Two Legislative Hacks Are Bragging They Will Scare Off Witnesses in UT Law School Probe

This is state Representative Trey Fischer sitting across the table from you when the detective asks you if Trey Fischer ever put the arm on you. What a smile, eh?
This is state Representative Trey Fischer sitting across the table from you when the detective asks you if Trey Fischer ever put the arm on you. What a smile, eh?

You have to take a deep breath first. Anchor yourself. Pinch your nose. Then you might be ready to contemplate the sheer unadorned shamelessness of the Texas Legislature in its confrontation with University of Texas System Regent Wallace Hall of Dallas.

See also: Wallace Hall Was Right.

Back story: After an abortive in-house cover-up, the emergence of an insider whistle-blower and a series of sudden top-level resignations, the university system was forced to bring in a private company to look into reports by independent journalists that the UT Law School was providing student admissions to influential Texas legislators in return for favors.

Latest unbelievable instance of shamelessness: Two legislators, Democrat Trey Fischer and Republican Lyle Larson, both of San Antonio, are insisting that they be allowed to sit on all interviews of potential witnesses by Kroll, an international risk assessment investigations company headquartered in New York. What's more, they have served notice that they themselves are talking to potential witnesses before Kroll can get to them.

I always thought that was the kind of thing you tried to hide. I'm not sure what it amounts to in this instance, but I know in criminal cases they call it witness intimidation. The really remarkable aspect of it here is that the two legislators are serving notice publicly of their intention to intimidate anybody who might consider ratting them or their homies out to Kroll.

Martinez, a frequent and vituperative Hall critic, works for a law firm that merged this year with Brown McCarroll, the powerful Austin lobby shop aligned with Houser Speaker Joe Straus. Straus is one of several legislators at the top of the influence heap singled out in reports last June by John Cassidy of for their frequent interventions on behalf of UT law school candidates, many of whom were vastly under-qualified according to their admissions tests.

Cassidy found that UT Law School, usually at the top of the list in Texas for the percentage of graduates who take and pass the bar exam, had dropped to dead last by last February because many graduates are serial bar-exam flunkers.

Of the flunkers, 15 had ties to legislators who went after Hall aggressively when they suspected him of leaking the flunkers' names to Cassidy and other reporters, even though Cassidy had explained explicitly in his reporting how he had sleuthed out the names on his own. A half dozen of the flunkers were tied to Straus and Brown McCarroll, including Brown McCarroll chief lobbyist Patrick V. Reinhart, a former Straus staffer found by Cassidy to have flunked the bar three times.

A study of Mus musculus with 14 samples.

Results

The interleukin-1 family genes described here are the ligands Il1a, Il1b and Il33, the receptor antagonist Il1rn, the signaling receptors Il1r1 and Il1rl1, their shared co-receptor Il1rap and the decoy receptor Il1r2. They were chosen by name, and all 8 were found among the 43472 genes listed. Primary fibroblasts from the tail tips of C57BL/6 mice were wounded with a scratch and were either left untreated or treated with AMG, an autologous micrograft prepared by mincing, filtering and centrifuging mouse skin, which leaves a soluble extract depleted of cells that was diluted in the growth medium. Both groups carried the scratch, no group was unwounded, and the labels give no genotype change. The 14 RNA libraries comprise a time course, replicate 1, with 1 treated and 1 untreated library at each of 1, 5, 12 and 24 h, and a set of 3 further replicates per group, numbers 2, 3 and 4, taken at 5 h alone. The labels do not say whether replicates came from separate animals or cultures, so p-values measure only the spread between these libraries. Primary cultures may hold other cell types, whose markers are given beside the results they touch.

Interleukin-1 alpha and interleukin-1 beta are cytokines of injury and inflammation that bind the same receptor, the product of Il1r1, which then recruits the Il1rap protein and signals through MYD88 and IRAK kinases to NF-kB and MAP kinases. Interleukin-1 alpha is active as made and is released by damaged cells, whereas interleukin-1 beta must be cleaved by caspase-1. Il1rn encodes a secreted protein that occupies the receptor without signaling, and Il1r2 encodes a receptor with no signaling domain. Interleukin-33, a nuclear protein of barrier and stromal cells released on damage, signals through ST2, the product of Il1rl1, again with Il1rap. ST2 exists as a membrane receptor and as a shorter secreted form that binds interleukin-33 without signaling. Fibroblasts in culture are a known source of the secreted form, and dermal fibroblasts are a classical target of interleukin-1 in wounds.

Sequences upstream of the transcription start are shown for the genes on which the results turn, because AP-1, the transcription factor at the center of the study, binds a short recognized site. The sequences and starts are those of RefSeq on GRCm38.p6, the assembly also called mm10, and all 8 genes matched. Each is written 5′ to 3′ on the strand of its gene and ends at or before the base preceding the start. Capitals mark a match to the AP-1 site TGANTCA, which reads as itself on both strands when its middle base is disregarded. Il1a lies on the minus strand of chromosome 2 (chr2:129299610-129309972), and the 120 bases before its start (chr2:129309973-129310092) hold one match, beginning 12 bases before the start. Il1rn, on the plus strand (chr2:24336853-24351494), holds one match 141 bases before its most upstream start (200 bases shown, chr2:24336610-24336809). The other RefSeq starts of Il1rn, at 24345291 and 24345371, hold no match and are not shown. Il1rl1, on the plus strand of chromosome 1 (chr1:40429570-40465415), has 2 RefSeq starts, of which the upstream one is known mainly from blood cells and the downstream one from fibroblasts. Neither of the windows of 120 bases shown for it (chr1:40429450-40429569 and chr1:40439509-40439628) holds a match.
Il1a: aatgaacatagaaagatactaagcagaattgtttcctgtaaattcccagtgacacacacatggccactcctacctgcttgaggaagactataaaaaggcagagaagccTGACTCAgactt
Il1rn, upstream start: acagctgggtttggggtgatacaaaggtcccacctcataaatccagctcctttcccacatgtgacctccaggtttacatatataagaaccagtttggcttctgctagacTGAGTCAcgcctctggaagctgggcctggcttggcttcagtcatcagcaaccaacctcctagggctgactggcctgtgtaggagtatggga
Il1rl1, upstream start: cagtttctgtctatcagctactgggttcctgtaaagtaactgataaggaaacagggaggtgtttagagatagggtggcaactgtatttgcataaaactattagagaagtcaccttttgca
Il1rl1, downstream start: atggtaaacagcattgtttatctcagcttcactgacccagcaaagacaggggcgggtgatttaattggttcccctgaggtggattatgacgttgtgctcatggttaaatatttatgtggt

Fischer has been especially wild in grasping for what he thinks are reasons to kick Hall off the board of regents, impeach him and bring criminal charges. My own personal favorite Fischer accusation is that Hall broke the law by seeking out expert opinion on an accounting practice that was allowing UT to overstate its endowment by more than $200 million.

As it turned out, Hall was right on the money; UT had to write down its endowment; but Fischer thought Hall was guilty anyway of a crime that third-graders and prison inmates would describe as snitching.

So by now you get the picture. The probe of admissions corruption at UT Law School is so entangled in slimy statehouse politics that the university system had to go way outside and bring in private detectives to sort things out. Fischer and Larson have reacted to the outside investigation by vowing to sit across the table in all witness interviews with their best ya-betta-watch-yur-ass expressions as people are questioned. And they are already going around to potential witnesses for some kind of chat before the gumshoes can even get to them.

Of course the university regents voted yesterday not to allow the watch-yur-ass boys to sit in on any interviews. Otherwise any potential witness would have been justified in sending Kroll a letter saying, "Give me one good reason why I would even show up for this farce. Please."

But the enormity here is in the ask. It's flat unbelievable that anybody in the Legislature would have the gall even to propose such an arrangement.

A footnote: The ever cautious Texas Tribune, an Austin-based online not-for-profit news medium that has received multiple six-figure gifts of money from the UT University System, persists in reporting this whole affair as if they really have no idea what's going on and frankly, gosh, just don't really even want to know.

Their coverage of this latest absurd fais-do-do explains that, "Larson and Martinez Fischer are particularly interested in the goings-on at the university system because they were appointed to monitor it by their colleagues on the House Select Committee on Transparency in State Agency Operations, which voted to admonish and censure one of the system's regents, Wallace Hall, earlier this year."

Also relevant, perhaps, is that Fischer, anyway, has been instrumental in trying to shut down Hall's inquiries into matters that could be seriously embarrassing and even politically detrimental to Fischer and his posse in the Leg. You know, a lot of news agencies might consider tossing that information out there for the readers to consider as well.

Personally, I am as likely to rely on nonprofit news agencies for my information as I would be to buy a car from a self-described nonprofit used car lot. But I know we gotta keep everybody working somehow. The real lesson here is in the Austin dateline. Like I said at the top, it means hold your nose.